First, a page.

Report on Ambae (Vanuatu) — 24 May-30 May 2006
Smithsonian / US Geological Survey Weekly Volcanic Activity Report, 24 May-30 May 2006
Managing Editor: Sally Kuhn Sennert
Please cite this report as:
Global Volcanism Program, 2006. Report on Ambae (Vanuatu). In: Sennert, S K (ed.), Weekly Volcanic Activity Report, 24 May-30 May 2006. Smithsonian Institution and US Geological Survey.
15.389°S, 167.835°E; summit elev. 1496 m
All times are local (unless otherwise noted)
According to news reports, on 28 May aerial observations by scientists from the Department of Geology and Mines revealed that Lake Voui of Aoba volcano had changed from blue to red in color. Aoba remains at an Alert level 2, which means the crater area is restricted.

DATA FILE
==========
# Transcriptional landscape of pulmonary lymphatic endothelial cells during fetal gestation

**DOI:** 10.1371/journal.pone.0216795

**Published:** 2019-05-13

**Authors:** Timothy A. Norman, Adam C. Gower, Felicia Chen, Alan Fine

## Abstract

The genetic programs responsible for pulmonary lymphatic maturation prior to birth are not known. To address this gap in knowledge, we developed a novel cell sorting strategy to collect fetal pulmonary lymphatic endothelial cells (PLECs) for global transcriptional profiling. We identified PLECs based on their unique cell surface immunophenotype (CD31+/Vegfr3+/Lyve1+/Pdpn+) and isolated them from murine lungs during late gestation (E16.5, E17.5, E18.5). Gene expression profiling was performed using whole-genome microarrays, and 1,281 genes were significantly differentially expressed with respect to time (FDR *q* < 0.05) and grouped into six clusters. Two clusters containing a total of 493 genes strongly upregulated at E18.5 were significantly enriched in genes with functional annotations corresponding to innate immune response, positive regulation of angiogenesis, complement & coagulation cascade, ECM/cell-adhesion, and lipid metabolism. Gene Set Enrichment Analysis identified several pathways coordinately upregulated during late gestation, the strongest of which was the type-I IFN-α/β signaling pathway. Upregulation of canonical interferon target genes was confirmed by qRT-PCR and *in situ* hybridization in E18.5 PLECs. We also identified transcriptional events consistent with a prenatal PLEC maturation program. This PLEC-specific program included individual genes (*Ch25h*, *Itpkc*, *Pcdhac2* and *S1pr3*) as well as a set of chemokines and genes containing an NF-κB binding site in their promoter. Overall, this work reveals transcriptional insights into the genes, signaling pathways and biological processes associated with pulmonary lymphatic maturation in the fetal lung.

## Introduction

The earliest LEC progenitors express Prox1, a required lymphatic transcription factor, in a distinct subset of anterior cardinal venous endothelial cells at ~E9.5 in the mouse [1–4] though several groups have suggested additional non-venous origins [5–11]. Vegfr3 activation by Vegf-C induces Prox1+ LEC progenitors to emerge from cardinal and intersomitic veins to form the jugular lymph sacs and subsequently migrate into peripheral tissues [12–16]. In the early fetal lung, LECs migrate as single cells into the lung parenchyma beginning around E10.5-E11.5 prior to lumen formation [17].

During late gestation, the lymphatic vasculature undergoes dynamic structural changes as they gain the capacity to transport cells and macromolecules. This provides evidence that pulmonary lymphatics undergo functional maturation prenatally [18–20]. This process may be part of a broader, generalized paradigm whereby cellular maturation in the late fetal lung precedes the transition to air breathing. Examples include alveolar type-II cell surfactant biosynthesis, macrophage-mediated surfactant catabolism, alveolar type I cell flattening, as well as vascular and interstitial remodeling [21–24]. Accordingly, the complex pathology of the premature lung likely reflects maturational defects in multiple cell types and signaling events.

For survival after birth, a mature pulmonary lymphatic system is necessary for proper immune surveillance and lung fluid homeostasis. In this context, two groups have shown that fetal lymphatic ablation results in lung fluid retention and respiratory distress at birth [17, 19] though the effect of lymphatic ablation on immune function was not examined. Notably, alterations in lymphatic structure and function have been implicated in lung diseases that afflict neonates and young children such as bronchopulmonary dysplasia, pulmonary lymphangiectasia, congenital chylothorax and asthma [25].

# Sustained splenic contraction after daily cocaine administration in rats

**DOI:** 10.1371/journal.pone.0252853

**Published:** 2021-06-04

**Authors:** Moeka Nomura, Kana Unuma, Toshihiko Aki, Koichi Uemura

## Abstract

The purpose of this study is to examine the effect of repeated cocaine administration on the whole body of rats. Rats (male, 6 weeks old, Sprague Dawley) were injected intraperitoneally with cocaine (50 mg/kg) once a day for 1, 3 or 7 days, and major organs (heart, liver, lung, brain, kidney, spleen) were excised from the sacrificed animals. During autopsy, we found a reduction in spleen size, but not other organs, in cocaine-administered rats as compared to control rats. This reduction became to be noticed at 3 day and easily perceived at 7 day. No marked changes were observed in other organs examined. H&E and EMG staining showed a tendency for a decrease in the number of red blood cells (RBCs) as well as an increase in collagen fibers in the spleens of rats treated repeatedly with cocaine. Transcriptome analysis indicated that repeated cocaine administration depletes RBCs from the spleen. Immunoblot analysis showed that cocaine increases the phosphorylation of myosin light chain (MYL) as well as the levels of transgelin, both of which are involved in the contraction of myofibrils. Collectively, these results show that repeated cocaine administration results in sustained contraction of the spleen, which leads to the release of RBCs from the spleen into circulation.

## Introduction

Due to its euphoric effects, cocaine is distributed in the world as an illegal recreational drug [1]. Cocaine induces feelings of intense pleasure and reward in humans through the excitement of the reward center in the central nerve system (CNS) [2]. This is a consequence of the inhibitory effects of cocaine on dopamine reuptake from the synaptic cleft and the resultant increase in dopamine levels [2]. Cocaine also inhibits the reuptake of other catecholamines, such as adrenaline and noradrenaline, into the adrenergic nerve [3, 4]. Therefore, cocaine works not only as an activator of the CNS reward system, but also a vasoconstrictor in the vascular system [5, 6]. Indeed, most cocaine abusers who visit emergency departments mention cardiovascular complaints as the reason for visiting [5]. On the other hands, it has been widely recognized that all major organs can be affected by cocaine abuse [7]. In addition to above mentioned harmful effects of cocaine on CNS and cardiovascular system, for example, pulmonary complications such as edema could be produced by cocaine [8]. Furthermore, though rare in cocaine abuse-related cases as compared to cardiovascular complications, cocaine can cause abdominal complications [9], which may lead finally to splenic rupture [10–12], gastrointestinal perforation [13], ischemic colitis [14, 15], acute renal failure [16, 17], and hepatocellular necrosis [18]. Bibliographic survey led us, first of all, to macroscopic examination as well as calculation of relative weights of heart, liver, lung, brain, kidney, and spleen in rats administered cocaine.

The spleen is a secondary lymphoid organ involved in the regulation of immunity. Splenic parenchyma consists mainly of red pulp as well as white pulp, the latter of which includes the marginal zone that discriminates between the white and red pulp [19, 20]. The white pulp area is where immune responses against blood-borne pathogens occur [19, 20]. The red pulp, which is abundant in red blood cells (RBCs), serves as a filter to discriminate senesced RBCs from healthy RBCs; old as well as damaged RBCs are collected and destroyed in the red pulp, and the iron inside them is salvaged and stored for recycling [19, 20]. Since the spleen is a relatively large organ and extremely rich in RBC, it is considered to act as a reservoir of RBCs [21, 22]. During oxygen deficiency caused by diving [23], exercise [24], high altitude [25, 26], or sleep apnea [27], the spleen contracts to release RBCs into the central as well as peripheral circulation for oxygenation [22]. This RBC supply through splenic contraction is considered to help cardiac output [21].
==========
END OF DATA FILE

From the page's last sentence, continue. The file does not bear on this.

Geologic Background. The island of Ambae, also known as Aoba, is a massive 2,500 km3 basaltic shield that is the most voluminous volcano of the New Hebrides archipelago. A pronounced NE-SW-trending rift zone dotted with scoria cones gives the 16 x 38 km island an elongated form. A broad pyroclastic cone containing three crater lakes (Manaro Ngoru, Voui, and Manaro Lakua) is located at the summit within the youngest of at least two nested calderas, the largest of which is 6 km in diameter. That large central edifice is also called Manaro Voui or Lombenben volcano. Post-caldera explosive eruptions formed the summit craters about 360 years ago. A tuff cone was constructed within Lake Voui (or Vui) about 60 years later. The latest known flank eruption, about 300 years ago, destroyed the population of the Nduindui area near the western coast.